Remote work, remote learning, remote meetups with friends — Americans have gotten much more comfortable conducting critical (and noncritical) tasks virtually since the start of the COVID-19 pandemic. And that includes medical care.
“During the first lockdown in 2020, the only way you could get care, unless you were very sick, was by telemedicine,” says Joseph Kvedar, M.D., immediate past chair of the board of the American Telemedicine Association. “And so there was a huge increase in utilization in just a few months.”
And use among the bleeding disorders community has been higher than national averages: More than a third of people with bleeding disorders accessed health care via telemedicine in 2020, according to that year’s National Hemophilia Treatment Center Patient Satisfaction Survey, compared with a quarter of Americans in general.
Before the pandemic, most telemedicine visits — in which health care services are provided remotely via telecommunications — took place from a provider’s office or hospital room to connect with another provider, such as a specialist, who was not on-site. With the proliferation of mobile devices, telemedicine visits between a patient and a single provider became more common. But it wasn’t until the pandemic that virtual visits really took off.
In response to the sudden, massive need for virtual health care, the federal CARES Act earmarked $200 million to establish the COVID-19 Telehealth Program. The program was designed to get more providers to offer telemedicine visits so people could stay home while still getting the care they needed.
The policies also temporarily loosened regulations. Providers could now conduct telemedicine visits with patients regardless of their geography, be reimbursed for telemedicine visits at the same rate as office visits, and use popular videoconferencing platforms without violating privacy laws.
These regulatory changes are set to expire soon after the COVID-19 public health emergency declaration ends, so it’s possible this great progress in telemedicine could be erased in the near future.
“We really don’t know what will happen yet,” Kvedar says, “but we certainly hope we don’t lose any ground, given how useful telemedicine has proved to be.”
Virtually Endless Benefits
Although many people were introduced to telemedicine as a means to maintain physical distancing and avoid the spread of COVID-19, patients and providers benefit in numerous other ways.
Telemedicine makes specialized treatment accessible. There are 149 hemophilia treatment centers (HTCs) in the U.S., but many people still have to travel great distances to reach one. Roshni Kulkarni, M.D., a pediatric hematologist/oncologist at Michigan State University’s Center for Bleeding and Clotting Disorders in Lansing, Michigan, treats patients around the state, some of whom drive eight hours for visits. But it’s not just people in remote areas who benefit from telemedicine.
“Patients in urban areas, such as New York, have similar challenges,” Kulkarni says. “Your HTC may be just across town, but it might take you an hour or more to get there, depending on time of day. That’s a lot of missed work.”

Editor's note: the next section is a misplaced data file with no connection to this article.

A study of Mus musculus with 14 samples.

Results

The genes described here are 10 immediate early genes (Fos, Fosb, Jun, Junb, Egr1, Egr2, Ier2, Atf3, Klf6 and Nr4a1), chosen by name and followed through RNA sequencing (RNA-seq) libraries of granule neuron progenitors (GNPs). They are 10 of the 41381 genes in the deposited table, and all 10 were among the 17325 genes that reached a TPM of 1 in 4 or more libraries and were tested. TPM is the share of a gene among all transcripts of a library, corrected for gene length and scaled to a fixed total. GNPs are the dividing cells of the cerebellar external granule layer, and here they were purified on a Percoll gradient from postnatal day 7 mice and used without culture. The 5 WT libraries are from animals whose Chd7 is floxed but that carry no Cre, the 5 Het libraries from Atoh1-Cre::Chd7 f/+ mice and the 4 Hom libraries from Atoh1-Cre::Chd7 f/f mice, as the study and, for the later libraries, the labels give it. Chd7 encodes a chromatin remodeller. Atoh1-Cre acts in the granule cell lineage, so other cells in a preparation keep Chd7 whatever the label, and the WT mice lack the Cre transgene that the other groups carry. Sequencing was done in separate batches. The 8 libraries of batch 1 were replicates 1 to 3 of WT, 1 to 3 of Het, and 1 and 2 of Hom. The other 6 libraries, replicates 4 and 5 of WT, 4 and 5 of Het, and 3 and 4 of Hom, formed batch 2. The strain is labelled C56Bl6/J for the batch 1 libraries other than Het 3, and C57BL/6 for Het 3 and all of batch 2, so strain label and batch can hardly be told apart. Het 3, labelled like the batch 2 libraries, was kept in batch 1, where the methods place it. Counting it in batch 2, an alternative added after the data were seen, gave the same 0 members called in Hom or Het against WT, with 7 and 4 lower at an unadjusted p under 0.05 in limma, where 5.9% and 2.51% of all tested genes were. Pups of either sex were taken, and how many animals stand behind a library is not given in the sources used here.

Telemedicine is cost-efficient. “Certainly, when we saw the price of gas going up this summer, that was a burden for people having to travel to an HTC,” says Michelle Witkop, a nurse practitioner and the vice president of research strategy at the National Hemophilia Foundation.
Telemedicine saves people from unnecessary visits to the ER. When evaluating a laceration or hematoma virtually, a provider can get a good sense of whether the situation requires emergency care or can be treated at home with clotting factor. “Previously, we had to rely on a patient’s description or a photograph to determine if a bleed was an emergency,” Kulkarni says. “Now you can see them live. You can say, ‘OK, move your wrist’ or ‘Let me see how you walk.’ To me, that’s the biggest advantage of telemedicine.”
Telemedicine allows for more comprehensive care. Patients and providers can easily connect with specialists across the country and get second opinions when necessary. Also, “if a patient is in their primary care provider’s office having a telehealth visit with the HTC specialist, that makes the primary care provider part of that team,” Witkop says. “That allows them to understand better what’s involved in hemophilia care and gives them a connection with the HTC.”
Telemedicine in Perspective
For all of its upsides, telemedicine does have some drawbacks, chief among them being the lack of personal connection.
“You just have more well-rounded visits in person,” Witkop says. “You really get more of a sense of a person’s well-being when you’re face-to-face.” In-person visits also give providers the opportunity to palpate (feel) the abdomen and joints to check for inflammation and other abnormalities.
As such, telemedicine should not replace in-person visits, particularly with comprehensive follow-ups, when patients meet with their entire bleeding disorders team, including their physician, nurse, physical therapist, and dietitian.
“Telemedicine should be viewed as complementary, not as a replacement for in-person care,” Witkop adds. “Patients should be seen in person at least every year or year and a half, depending on what their HTC recommends.”